By: Daniel Cress

The percentage of Canadians who speak both French and English is falling. This trend is impacting unilingual Algonquin students as they have difficulty meeting requirements for employment opportunities around the city in all sectors of the job market.

Kathleen Ferguson, a first-year developmental services student at Algonquin College, knows all too well how a lack of French language abilities can hold a student back, especially in a region like Ottawa.

“When I applied at a retail outlet I wasn’t able to get the job because I’m not bilingual,” said Ferguson. “It was kind of discouraging, to miss out on that opportunity.”

Ferguson is not alone in being turned down based on her inability to converse in French, rather than her qualifications.

The percentage of Canadians who can hold a conversation in both English and French is falling behind the population growth, statistics show.

This trend has Canada’s Official Languages Commissioner Graham Fraser recommending that new programs be put in place to double the amount of students who take exchange programs, as well as providing post-secondary students with more opportunities to study in both official languages.

For many students bilingualism is the difference maker when it comes to finding employment opportunities, and that’s an area these recommendations look to address.

“I wasn’t fluent but I worked in a French first government office on a casual contract and when I decided to go back to school the position was upgraded to a higher level of required French, so even if I wanted to apply for my old job again, I technically couldn’t interview for a position I had already held,” said second-year radio broadcasting student Gill Proudfoot.

Proudfoot also worked at a staffing organization and repeatedly found qualified candidates were being passed over because they could not speak French.

“We would find people perfect for the job, who knew everything or had work experience, but couldn’t submit them because they weren’t fluent,” said Proudfoot.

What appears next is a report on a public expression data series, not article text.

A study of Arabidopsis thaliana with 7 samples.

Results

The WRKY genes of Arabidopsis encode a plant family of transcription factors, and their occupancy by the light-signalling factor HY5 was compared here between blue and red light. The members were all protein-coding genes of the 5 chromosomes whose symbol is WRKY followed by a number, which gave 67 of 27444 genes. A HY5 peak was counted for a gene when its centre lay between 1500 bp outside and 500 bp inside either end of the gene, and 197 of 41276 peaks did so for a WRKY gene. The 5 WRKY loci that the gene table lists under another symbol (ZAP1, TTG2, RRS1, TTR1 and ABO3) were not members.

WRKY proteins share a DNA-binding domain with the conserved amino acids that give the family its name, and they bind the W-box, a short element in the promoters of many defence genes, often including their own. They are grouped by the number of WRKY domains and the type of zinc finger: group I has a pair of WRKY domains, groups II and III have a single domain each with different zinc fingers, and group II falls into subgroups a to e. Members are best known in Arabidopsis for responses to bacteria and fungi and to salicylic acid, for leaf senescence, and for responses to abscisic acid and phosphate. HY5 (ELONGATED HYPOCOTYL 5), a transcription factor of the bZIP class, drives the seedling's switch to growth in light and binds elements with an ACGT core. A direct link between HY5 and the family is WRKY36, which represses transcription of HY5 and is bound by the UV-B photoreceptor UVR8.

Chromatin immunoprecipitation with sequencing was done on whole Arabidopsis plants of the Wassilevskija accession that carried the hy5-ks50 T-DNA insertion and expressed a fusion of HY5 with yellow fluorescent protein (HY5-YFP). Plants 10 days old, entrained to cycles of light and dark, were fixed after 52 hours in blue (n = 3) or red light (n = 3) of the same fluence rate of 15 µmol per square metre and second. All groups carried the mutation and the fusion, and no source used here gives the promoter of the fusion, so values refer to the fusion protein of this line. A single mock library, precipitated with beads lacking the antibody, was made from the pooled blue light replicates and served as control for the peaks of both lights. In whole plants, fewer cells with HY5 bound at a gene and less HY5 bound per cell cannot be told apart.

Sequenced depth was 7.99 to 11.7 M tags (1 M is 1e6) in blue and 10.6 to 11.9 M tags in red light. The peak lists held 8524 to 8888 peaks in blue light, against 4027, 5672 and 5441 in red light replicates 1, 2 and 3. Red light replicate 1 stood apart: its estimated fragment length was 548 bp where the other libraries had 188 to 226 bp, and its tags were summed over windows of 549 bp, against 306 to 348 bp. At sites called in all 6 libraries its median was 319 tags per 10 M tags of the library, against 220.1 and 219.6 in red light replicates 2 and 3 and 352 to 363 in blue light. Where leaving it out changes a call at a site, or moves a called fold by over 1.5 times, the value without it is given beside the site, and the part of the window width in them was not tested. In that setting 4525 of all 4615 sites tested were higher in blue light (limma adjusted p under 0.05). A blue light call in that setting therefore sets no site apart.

While many students realize the importance of being fluent in both of Canada’s official languages now, they admit it seemed expendable earlier on in life.

“I took French from grades one to 10 but after that gave it up because the programs and teaching just weren’t there,” said Rowan Morkis, a second-year game development student at Algonquin.

“How I was raised speaking [French] wasn’t a huge deal, I didn’t live in a French area so I just didn’t need it,” said Ferguson.

With the proximity to Quebec and the presence of so many government jobs, bilingualism is highlighted in Ottawa.
This focus is mirrored in its post-secondary institutions.

“We actually offer a great deal [of programs], that if a student really took advantage of all the courses we offer, by the end of the two years that they’re here with us they would really be bilingual,” said Silvia Garcia, acting chair of Algonquin’s language institute.

Algonquin offers beginner to advanced French continuing education classes. These classes run concurrently with regular program classes.

“Knowing another language and being able to express yourself in another language just expands your vision of the world, because it allows you to think in a different way,” said Garcia. “It enhances your repertoire of responses.”
Other post-secondary institutions in the area such as La Cité Collegiale and the University of Ottawa also offer entire programs of study to students.

These programs however require a solid base in the language.

“If you’re struggling to learn the basics of the program, then adding a new language on top would be tough,” said Nathan Elliott, a second-year game development student at Algonquin.

Requirements of fluency in both languages are not rigid across the board however, and can depend on the job.

“I haven’t found difficult yet only speaking English,” said Dakota Barnhardt, a third-year engineering technology student. “It depends on where you work, if you know your stuff in the trades, the job gets done, whether you speak French or English.”